Tom Clancy

Military Gung-ho man who sells a ton of books on military-based fiction. He once quipped that "if we sent in the Marines, our best fighting force in the world, we could wipe out the whole drug trade in cartels. They would be no match for the finest fighting force in the world." That, personally, totally turned me off him but I have to say that in "the Hunt for Red October", it was absolutely frightening to me how much of my anti-submarine work, when I worked for the US DOD, (like Lamps Mark III) that he had right on the mark, down to every detail. That book, by the way, is a classic. -- sg

Agree that TheHuntForRedOctober? is a classic; it's the only novel I've ever read cover-to-cover in one sitting. I got turned off when reading The Bear and the Dragon, due to the endless speeches by President Ryan about abortion, economic policies, and other political issues. I don't care what Mr Clancy thinks about any of those things - I just want him to concentrate on the military stuff, which he does well. -- KrisJohnson

I enjoyed TheHuntForRedOctober?, but PatriotGames? was quite bad. The Sum of All Fears is about the Holy Land, a missing nuke, and a terror attack at the Super Bowl. A pretty good book. The movie comes out in the summer of 2002 (Ben Affleck replaces Harrison Ford (who replaced Alec Baldwin) and Morgan Freeman replaces JamesEarlJones?). -- SeanOleary

I enjoy his NetForce? books the most... but then that's probably because I'm a bit of a NetAddict? :) -- GavinLambert
Reportedly outraged by film adaptation of ClearAndPresentDanger?. The story deals with covert operations in SouthAmerica? to wipe out drug plantations and the like--operations conducted (in an obvious parallel with the IranContraScandal?) without congressional notice or oversignt. (Like IranContraScandal?, the president is a "conservative", and Congress is dominated by "liberals"). In the book, the President is portrayed as a heroic patriot, risking his career to DoTheRightThing despite treacherous interference by the PantyWaistLiberal?s in Congress. The film, OTOH, does a 180--the President and his men are portrayed as dangerous, Nixonite subverters of law and democracy, and the congresspersons trying to stop them are portrayed as heroes wearing the white hats. Perhaps even holywood audiences wouldn't buy as laughable spin as the first version?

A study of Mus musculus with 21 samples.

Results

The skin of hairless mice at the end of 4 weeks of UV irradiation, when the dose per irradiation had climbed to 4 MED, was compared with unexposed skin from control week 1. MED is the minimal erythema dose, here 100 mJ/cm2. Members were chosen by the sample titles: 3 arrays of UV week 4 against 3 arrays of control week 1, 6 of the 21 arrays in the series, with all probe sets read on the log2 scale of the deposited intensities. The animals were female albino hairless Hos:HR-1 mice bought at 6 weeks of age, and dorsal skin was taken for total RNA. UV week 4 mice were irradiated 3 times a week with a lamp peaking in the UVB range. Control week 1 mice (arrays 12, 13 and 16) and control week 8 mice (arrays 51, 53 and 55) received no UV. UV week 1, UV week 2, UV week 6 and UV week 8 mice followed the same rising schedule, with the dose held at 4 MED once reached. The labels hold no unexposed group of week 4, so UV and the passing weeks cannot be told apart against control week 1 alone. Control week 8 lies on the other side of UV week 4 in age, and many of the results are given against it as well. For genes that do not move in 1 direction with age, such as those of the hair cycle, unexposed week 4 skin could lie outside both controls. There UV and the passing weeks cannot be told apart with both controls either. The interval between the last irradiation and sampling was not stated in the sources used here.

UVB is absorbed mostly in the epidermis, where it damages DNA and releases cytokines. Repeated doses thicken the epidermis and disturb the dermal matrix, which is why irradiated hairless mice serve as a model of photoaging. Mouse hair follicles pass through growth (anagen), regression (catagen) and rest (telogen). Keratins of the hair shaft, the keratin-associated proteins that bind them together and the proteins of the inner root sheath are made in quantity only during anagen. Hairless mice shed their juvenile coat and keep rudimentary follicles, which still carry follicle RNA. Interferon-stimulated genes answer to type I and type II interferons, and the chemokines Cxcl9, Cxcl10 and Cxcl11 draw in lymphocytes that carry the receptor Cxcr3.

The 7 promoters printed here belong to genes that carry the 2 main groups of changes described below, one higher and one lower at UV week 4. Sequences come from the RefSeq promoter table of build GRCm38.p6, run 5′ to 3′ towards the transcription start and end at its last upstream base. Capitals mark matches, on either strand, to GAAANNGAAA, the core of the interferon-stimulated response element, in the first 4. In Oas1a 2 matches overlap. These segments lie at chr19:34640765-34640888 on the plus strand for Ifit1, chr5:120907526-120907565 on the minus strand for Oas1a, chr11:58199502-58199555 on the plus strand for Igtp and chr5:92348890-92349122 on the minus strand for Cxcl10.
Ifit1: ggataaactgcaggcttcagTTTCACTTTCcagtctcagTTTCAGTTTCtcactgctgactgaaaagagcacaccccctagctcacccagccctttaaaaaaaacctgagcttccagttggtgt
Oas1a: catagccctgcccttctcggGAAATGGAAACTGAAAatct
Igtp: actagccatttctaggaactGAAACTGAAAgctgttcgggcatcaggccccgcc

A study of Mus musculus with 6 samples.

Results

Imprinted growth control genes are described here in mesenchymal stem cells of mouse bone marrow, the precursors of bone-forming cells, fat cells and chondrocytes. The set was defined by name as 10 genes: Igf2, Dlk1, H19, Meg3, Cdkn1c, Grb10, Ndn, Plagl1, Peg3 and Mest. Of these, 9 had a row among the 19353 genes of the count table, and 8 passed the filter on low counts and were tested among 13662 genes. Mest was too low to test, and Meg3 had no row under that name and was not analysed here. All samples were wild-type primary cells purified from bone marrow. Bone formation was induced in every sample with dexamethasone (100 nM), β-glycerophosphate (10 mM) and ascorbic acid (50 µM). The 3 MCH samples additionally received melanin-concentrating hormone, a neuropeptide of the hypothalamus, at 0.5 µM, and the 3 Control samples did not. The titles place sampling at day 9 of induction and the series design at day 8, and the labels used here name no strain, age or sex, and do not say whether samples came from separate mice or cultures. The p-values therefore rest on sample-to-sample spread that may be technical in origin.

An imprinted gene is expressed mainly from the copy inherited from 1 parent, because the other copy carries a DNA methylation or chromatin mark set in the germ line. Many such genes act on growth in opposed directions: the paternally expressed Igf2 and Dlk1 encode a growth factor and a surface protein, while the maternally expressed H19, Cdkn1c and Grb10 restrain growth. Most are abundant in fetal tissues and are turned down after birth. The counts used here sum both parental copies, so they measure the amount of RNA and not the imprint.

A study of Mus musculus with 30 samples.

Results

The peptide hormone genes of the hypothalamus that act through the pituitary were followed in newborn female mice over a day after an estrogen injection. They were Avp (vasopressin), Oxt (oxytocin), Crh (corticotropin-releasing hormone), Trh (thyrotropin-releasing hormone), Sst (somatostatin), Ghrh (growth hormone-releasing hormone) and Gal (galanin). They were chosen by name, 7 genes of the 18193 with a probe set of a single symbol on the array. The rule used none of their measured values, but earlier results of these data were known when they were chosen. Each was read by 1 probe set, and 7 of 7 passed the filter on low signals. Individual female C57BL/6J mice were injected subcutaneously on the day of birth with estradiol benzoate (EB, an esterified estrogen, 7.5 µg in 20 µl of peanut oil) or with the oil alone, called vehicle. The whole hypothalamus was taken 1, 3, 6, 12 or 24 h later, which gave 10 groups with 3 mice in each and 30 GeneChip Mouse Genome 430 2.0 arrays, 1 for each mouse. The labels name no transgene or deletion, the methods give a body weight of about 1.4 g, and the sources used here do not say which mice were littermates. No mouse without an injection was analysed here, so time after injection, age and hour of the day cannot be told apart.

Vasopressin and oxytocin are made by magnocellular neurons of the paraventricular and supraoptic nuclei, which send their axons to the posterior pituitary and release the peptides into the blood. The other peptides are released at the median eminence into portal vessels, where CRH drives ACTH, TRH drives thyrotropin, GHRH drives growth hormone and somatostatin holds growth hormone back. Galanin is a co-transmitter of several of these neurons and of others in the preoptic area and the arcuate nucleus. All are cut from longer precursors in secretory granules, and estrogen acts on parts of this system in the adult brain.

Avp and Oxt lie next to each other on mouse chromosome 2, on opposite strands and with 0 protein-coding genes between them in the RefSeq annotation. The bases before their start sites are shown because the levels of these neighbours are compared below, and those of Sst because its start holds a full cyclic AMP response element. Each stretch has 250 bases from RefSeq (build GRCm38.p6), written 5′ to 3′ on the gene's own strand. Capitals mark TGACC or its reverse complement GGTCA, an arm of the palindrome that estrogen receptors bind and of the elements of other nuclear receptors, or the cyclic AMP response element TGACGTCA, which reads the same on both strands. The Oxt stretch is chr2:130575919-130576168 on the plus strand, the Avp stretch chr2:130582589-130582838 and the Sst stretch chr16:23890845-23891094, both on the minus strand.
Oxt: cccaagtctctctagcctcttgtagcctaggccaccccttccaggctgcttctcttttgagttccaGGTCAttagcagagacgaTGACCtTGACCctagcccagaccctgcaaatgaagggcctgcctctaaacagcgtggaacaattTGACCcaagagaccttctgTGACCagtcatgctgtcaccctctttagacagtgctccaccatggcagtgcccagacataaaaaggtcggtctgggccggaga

Reportedly also uses ghostwriters extensively nowadays.

Note that the Netforce and Op Center junk is "co-written" with some filler material authors. It isn't really Clancy -- it just has his name on it.

TC might possibly be right-of-center, but always focus on his actual message, behind the flag waving. The book , for example, featured a former OperationPhoenix? operator reminiscing about murdering innocent Vietnamese civilians, in between murdering drug dealers supplying our national appetite. They dealt heroin flown in from Afghanistan - oops I mean Vietnam - in military body bags. Then our operator uses some of the heroin to murder the deludedly liberal aide of a Washington official, at the behest of the CIA, to plug a leak. And he's supposed to be the "good guy".